Marketing is somewhat obsessed with the letter P. Any student of marketing will be familiar with the marketing mix and the 4Ps (product, price, place and promotion). They’ll also know of the extension of the mix to 7Ps (people, process and physical evidence). There is then a 10P, 12P and even a 25P version of the model. The more Ps the merrier!

The marketing mix is undoubtedly a useful framework for marketers looking to develop and build their brands. It’s especially good for challenging marketers to think broadly and go beyond their ‘home’ territory of promotion – probably a marketer’s favourite P. But irrespective of the number of Ps included, I have always thought there was risk of it being a hollow construct. If not used correctly it can lead marketers to create brands and campaigns that are unconnected to their organisation’s over-arching aims and objectives. It suggests something can be created out of nothing – or worse, to hide something – with just a clever application of the marketer’s ‘black arts’. I know vision and strategy should be clear before the marketing mix is brought into play, but too often it is deployed by marketers as an independent ‘fix all’ solution and takes precedence over any consideration of the motivations of whoever is pulling the strings.  

What customers want from brands 

I think this potential conflict is particularly relevant today as customers increasingly want to know the societal value and risks of a brand’s host. In short, they want to know what your overall purpose is beyond just selling a basket of brands and delivering a range of products and services. They expect all the usual stuff like value for money, but in addition they want to be sure that a business is trying to do more than just make money and not causing unnecessary societal harm, especially environmental and social, when producing and selling those brands. 

Preventing societal damage 

The environmental or sustainability movement has long had its own set of Ps too – albeit only three: Planet, People and Profit (or Performance) – to help counter this concern for societal damage. Their mantra has been that in achieving the money P you should consider the impact on the two societal Ps. But this again implies a trade-off where a greater focus on Planet and People leads to a decrease in Performance or Profit. Its unintentional, but it come across as a confrontational framework.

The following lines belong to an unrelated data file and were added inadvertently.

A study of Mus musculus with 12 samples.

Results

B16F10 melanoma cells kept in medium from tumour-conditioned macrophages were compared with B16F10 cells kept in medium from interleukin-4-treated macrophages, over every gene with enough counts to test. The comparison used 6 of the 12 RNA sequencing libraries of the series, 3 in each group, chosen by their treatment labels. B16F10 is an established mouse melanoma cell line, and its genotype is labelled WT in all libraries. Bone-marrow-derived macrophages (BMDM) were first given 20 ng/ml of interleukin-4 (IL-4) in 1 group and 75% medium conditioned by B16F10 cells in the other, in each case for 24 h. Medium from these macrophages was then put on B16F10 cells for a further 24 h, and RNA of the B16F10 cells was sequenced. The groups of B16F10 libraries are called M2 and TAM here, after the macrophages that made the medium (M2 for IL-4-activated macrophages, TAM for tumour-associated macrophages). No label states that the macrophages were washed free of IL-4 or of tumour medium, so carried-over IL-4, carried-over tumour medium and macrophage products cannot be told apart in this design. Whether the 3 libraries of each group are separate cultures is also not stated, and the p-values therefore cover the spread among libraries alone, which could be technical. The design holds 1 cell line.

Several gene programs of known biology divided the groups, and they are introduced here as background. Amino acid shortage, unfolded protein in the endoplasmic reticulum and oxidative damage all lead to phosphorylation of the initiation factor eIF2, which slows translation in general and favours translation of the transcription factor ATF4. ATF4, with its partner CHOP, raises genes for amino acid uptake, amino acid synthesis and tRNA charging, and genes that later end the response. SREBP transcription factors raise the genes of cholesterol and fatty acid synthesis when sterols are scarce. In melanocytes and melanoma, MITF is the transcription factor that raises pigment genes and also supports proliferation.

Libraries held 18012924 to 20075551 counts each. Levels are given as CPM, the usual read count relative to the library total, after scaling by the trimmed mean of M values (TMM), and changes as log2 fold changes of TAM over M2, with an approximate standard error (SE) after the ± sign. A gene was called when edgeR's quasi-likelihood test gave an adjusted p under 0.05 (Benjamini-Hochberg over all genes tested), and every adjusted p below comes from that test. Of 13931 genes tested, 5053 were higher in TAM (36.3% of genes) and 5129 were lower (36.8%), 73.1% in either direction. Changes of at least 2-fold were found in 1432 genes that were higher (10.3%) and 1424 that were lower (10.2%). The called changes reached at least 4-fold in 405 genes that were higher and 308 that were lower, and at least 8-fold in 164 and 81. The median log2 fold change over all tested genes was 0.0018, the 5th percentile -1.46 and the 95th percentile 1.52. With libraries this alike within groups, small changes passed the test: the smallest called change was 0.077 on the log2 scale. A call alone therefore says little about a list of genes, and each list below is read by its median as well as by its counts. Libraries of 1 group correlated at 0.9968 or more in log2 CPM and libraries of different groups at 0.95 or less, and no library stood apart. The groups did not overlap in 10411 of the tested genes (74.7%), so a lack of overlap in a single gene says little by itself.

I much prefer the concept of developing a clearly defined Purpose for any organisation, from which the aspirations for your products/services and brand portfolio can then flow. This encourages balance and a consideration of all economic and societal factors together.  

Many organisations already have a clear sense of purpose, often influenced by their founders or original owners, but it is not clear in all organisations what they are trying to achieve, beyond making a return for their shareholders. Any nod towards societal benefits can appear token at best. 

Suggested frameworks that can help you

To help influence that balance in Purpose and between profit, people and planet, there are several sustainability frameworks, from the United Nations Sustainability Development Goals (SDGs) to the consideration of Environmental, Social and Governance (ESG) risks. These frameworks can help any organisation interpret the risk and rewards of a stronger, more balanced, sense of Purpose within the context of their particular market and business model.  

But for any organisation, it is hard to determine where that point of balance sits with the needs and expectations of an organisation’s key stakeholders; their customers, staff and owners. Most importantly, Purpose needs to be anchored to those stakeholders’ needs, not floating independently.  

What a good marketer does 

This is where marketers can step in and help shape, rather than just follow, an organisation’s Purpose. A good marketer has the core skills of listening, interpreting stakeholder needs and taking an ‘outside in’ view of the world, which will be essential to ensure that economic, environmental and social factors are balanced and aligned.  

A Marketer’s eye and input will ensure that any positioning around a new sense of Purpose will enhance a brand’s value and build customer confidence. There is quite a lot of talk today about brands being more ‘authentic’, and by helping to align organisational Purpose and brand values marketers can achieve just that. 

In short, Marketers need not hide behind a veil of Ps and just practice the dark arts of brand creation. They should lead the way and be champions of marketing with Purpose.  

Podcast: 'Marketing with a purpose'

This article was written to support one of our latest podcast episodes 'Marketing with a purpose'. We are joined by our Professional Services Course Leader, Nigel Clark, who gives examples of organisations that do Purpose well and those who do less well.